Toronto's long wait to become MLS' premier franchise is already history
TORONTO -- It may have taken 10 seasons, but Toronto FC is finally living up to its potential. TFC booked a spot in MLS Cup final with Wednesday's rollicking 5-2 win (7-5 on aggregate) against chief rivals the Montreal Impact in a match that showcased just about everything that the Reds and this long-suffering sports city have to offer not just Major League Soccer, but the sport in the United States and Canada.
It was easy to see what Toronto could become when it entered the league in 2007. Even though on-field success was elusive during most of the club's first decade, its arrival changed the face of MLS for good.
Toronto's cozy little downtown stadium was a departure from the league's first soccer-specific venues, which were tucked away in the suburbs of places like Dallas and Los Angeles. The BMO Field stands were filled from the start, and mostly stocked not by youth soccer players and their disinterested parents, but by young urban professionals with disposable incomes who liked to drink beer and sing songs. Soon, that fan culture would be adopted in places like Seattle, Philadelphia and Kansas City. But Toronto is where it all began.
"The European supporter culture here and celebrating the game in ways that I think reverberated throughout our country, a lot of that was really born in Toronto," said MLS commissioner Don Garber to reporters at halftime Wednesday.
The only thing missing was a quality product. Until now.
TFC's failures over the years were not out of neglect. The team's owners, Maple Leaf Sports & Entertainment, were engaged. They spent money. But they also had no idea what a winning organization looked like. That began to change when they tabbed ex-LA Galaxy poohbah Tim Leiweke to run the organization. Leiweke quickly poached whiz kid Tim Bezbatchenko from the league office to be his general manager.
Still, there were fits and starts. Prized designated player Jermain Defoe never settled in Canada and was back in England after an eighth consecutive playoff-less season in 2014. Jozy Altidore and Sebastian Giovinco joined Michael Bradley as DPs ahead of the 2015 campaign, but TFC finished sixth in the East and made the playoffs for the first time only because MLS added an extra spot in each conference. The Reds ended up being humiliated 3-0 in Montreal in the knockout round.
Leiweke is gone now, but evidence of his influence was everywhere as things began to come together this season. Bezbatchenko's three-year improvement plan -- which centered on acquiring proven MLS players like Steven Beitashour, Drew Moor and Justin Morrow along with high-earning international stars -- has gone off right on schedule. The fans who stuck with the club through thick and thin were rewarded first with a renovated stadium that is now one of the finest in the league. At 36,000 seats, BMO Field is also one of the largest venues in MLS. These days, they have a team to match it.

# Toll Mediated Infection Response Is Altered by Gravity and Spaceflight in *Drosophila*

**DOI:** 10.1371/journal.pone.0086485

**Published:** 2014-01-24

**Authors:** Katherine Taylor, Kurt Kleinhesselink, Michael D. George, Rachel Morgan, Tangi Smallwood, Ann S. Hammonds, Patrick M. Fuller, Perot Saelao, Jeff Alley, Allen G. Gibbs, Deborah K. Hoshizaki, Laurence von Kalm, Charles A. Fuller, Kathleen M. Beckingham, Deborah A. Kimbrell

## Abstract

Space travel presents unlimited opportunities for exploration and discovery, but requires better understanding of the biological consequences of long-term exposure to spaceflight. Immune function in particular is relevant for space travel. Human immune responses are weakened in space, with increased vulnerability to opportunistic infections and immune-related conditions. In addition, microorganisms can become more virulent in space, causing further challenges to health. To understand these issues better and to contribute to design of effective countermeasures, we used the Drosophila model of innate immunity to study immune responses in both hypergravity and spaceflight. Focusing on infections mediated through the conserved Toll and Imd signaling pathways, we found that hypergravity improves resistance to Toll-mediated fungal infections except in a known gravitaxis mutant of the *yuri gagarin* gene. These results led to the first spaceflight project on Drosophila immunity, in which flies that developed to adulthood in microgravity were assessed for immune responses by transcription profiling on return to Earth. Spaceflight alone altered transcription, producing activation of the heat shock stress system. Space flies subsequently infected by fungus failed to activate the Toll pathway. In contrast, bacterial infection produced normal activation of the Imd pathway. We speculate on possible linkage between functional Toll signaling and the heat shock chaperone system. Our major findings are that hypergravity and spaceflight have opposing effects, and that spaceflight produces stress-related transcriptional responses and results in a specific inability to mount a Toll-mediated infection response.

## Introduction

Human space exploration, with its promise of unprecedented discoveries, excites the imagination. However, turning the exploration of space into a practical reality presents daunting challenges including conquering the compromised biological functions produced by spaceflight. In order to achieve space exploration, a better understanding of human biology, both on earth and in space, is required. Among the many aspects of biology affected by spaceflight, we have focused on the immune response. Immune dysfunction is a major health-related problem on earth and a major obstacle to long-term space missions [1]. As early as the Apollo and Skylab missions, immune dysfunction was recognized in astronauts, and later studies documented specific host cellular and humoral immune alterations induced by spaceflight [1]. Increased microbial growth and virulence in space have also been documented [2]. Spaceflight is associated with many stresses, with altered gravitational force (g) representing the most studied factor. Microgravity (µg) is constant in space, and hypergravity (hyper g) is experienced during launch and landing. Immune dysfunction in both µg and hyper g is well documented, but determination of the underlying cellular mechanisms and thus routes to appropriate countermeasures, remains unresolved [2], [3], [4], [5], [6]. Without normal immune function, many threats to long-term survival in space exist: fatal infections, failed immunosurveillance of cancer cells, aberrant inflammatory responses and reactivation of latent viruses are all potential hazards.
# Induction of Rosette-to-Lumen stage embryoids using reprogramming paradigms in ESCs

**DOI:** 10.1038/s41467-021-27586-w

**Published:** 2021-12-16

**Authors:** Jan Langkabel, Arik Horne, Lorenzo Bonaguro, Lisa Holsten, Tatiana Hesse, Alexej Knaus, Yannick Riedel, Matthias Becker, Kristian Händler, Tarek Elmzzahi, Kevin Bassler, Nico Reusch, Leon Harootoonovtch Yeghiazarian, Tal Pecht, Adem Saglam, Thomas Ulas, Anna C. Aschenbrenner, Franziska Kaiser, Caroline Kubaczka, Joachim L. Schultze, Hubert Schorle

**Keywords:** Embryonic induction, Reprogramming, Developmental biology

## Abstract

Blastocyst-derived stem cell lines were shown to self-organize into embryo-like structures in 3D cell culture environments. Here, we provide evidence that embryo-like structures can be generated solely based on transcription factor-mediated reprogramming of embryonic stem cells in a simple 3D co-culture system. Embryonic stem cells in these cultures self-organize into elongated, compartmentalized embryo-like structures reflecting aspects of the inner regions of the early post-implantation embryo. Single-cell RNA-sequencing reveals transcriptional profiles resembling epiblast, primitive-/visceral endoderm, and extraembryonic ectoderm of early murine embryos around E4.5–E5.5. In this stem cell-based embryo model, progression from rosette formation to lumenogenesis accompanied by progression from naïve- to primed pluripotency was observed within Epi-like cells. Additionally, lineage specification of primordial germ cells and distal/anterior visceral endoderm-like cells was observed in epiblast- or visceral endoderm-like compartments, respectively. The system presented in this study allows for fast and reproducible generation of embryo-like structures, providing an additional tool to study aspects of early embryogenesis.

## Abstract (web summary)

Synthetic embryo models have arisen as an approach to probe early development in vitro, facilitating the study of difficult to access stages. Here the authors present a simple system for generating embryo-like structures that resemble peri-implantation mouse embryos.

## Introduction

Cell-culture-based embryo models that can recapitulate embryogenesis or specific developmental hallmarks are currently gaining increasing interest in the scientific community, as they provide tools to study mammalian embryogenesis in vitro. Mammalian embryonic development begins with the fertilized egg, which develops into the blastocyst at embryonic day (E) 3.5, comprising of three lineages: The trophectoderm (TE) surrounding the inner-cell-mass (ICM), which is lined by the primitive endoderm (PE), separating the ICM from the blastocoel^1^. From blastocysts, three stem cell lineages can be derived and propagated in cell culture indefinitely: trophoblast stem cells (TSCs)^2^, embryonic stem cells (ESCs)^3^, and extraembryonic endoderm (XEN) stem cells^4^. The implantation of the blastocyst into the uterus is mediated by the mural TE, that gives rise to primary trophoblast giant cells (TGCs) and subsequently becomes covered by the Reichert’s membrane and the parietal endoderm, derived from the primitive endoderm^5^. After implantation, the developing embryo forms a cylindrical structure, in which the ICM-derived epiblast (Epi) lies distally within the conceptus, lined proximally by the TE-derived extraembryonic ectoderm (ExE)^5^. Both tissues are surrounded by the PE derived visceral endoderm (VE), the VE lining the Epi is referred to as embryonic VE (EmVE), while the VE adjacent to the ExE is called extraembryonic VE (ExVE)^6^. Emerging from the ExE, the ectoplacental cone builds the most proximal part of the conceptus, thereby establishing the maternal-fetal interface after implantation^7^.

"You look around and see unbelievable potential in terms of a city, a market, a stadium, a training ground. Every box gets checked," said Reds captain Bradley after the second-leg victory over Montreal. "You look at other clubs around the league, and there are other clubs that check a lot of boxes. I'm not sure there's another club that checks every box.
"I don't think anybody even realizes the potential because the stuff on the field, ultimately the most important thing, up until recently hasn't been right," he added.
Now, at long last, TFC's original promise is finally being realized.
"All week we spoke about what tonight could be," said Bradley. "I think we all had an idea that it could be special in terms of atmosphere, emotion -- in some ways, 10 years of emotion -- coming out in one night."
Then, Bradley told a story that illustrated how relevant TFC has become and, to some extent, the sleeping giant it's always been in MLS' sixth largest market.
"I dropped my son off at school this morning, and I saw -- I swear -- every kid that walked into that elementary school had a TFC jersey on and most of the parents as well. So you could feel it in the city that people have really taken notice. People are proud. People are excited. Tonight was a special night. Ten days from now we want to do one better."
A title would take things to yet another level, and Toronto is the favorite. The Argonauts won the Grey Cup four years ago, but it's been 23 years since the Blue Jays won the World Series. The anticipation in the days leading up to MLS Cup will be off the charts.
Whatever the outcome on Dec. 10, though, TFC's long wait to become MLS' premier franchise is already history.
Doug McIntyre is a staff writer for ESPN The Magazine and ESPN FC. Follow him on Twitter @DougMacESPN.